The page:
Thursday, 8 November 2012

Why smartphone apps aren't always the answer

It's happened for years, it happens in the private as well as the public sector and because of the move to deliver services via digital it's happening more and more.

What is it? Organisations purchasing applications and more lately smartphone apps as a quick fix, rather than a joined-up, strategic move for delivering services online.

I'm going to use fault reporting apps as an example. The type of thing you can use to tell councils about potholes, graffiti, and so on. There's a number of these around now all performing much the same task, many being sold in part as becoming really useful to people when more councils purchase them.

Whilst it seems that councils are doing right in offering more services digitally there's two main problems with this approach:

1) If you travel through the areas different councils look after, then you'll need to install apps for each location. 

There's no joined up approach to the way councils procure stuff like this, so for example if you live in Wiltshire but work in Reading and the three councils that cover the area of your journey have all bought separate apps (they haven't, by the way), then you'll need to install these three separate apps on your phone and remember to use the right one depending on where you are.

This is bound to create a negative view of digital services delivered by councils, when those that purchased them thought they were doing the opposite.

2) They're often not integrated with a Customer Relationship Management (CRM) system.

In some cases all these apps do is send an email. It's a better formatted email, containing geo-data and a sometimes a better quality of information, but it's still an email someone needs to manually type into a CRM.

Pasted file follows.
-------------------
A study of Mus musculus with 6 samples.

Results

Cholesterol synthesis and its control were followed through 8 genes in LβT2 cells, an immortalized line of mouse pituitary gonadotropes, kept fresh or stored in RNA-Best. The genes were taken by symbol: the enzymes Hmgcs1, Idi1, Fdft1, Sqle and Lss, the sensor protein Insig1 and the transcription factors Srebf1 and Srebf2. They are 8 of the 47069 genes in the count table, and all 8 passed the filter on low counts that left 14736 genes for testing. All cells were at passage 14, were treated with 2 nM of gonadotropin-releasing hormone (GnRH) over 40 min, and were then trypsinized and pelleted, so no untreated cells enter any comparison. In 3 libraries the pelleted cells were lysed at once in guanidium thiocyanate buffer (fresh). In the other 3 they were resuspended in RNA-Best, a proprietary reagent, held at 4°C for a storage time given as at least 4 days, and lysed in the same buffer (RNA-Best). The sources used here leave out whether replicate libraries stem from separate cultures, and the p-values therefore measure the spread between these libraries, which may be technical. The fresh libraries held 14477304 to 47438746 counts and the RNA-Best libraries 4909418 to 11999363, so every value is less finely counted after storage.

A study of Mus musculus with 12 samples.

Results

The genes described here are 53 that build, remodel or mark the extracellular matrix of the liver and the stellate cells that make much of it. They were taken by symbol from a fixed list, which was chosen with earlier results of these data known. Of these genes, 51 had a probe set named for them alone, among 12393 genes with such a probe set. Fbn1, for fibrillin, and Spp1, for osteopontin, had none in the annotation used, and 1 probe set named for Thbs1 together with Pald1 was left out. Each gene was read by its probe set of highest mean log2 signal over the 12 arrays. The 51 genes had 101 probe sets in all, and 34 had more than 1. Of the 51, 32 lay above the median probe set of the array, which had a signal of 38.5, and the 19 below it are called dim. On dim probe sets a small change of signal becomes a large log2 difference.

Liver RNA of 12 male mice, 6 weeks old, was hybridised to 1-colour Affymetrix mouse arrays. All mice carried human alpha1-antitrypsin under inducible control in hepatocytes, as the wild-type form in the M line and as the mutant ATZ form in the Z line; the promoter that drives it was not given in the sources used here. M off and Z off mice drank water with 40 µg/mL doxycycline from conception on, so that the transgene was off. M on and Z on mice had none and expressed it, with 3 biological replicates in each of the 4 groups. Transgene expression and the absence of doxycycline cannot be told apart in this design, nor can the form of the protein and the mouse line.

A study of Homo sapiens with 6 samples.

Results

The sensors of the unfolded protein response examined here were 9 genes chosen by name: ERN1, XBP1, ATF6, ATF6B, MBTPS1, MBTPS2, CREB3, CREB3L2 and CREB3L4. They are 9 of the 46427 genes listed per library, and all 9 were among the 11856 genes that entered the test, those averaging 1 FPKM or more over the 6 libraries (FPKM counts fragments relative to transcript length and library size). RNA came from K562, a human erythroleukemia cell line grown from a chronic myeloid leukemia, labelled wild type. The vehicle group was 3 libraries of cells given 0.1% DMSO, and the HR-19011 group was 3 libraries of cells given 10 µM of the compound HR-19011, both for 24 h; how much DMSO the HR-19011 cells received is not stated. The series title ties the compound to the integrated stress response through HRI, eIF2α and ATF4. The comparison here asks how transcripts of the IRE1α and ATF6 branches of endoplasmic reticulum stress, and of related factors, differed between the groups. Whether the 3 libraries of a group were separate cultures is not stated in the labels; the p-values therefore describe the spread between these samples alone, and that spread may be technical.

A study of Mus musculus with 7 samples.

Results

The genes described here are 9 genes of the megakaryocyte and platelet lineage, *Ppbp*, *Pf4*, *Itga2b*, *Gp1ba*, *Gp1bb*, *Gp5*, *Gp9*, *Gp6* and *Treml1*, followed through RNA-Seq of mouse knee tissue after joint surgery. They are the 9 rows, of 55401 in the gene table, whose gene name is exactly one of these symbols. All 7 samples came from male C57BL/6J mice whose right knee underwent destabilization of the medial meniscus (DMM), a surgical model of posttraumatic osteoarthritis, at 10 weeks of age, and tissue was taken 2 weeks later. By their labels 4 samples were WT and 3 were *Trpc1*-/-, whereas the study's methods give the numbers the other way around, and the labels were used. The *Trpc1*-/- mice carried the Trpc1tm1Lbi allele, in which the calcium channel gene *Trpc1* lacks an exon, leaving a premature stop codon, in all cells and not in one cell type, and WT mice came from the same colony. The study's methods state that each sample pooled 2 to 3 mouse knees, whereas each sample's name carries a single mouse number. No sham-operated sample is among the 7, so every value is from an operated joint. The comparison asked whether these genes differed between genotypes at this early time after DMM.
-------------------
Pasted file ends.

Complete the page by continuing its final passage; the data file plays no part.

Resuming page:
Whilst it can make it a easier for the customer, it's actually not delivering any time or efficiency savings for the organisations who purchase them and if you're receiving more reports because you've made it easier for residents to do so, it could actually cost you more.

So that's a lot of moaning about what happens now, but how could it be improved?

Councils should be looking to improve the foundation on which these digital services are built. In the case of the fault reporting app, it's creating something like an Open 311 Service and integrating this with a their CRM. 

Obviously this is a lot more difficult than buying an off the shelf app, it's not a quick win, but providing services like this digitally shouldn't be just a box ticking exercise, councils should be thinking about how residents might actually use them.

Creating a service built to a worldwide standard like Open 311 means any app worth its salt will provide data in a format you can then plug into your CRM and create new cases automatically.  

This means that it doesn't matter which app the customer chooses to use, they can still report faults to you, and it also removes the need for manually entering the data.

When planning for new digital services, providing firm foundations will not only improve customer experience, but help to create efficiency savings for your organisation.

I'm interested to get other's views on this and you find me on Twitter @PhilRumens to discuss it.

This blog is written by Phil Rumens, Vice-Chair of LocalGov Digital, lead for LGMakers and who manages the digital services team at a local authority in England.

The opinions expressed in this weblog are my own personal views and in no way represent any organisation I may have worked for, currently work for, might be thinking of working for, might not be thinking of working for or have never worked for. In fact having said that they, might not even be my views any more as I might have changed my mind so I wouldn't take any of it too seriously.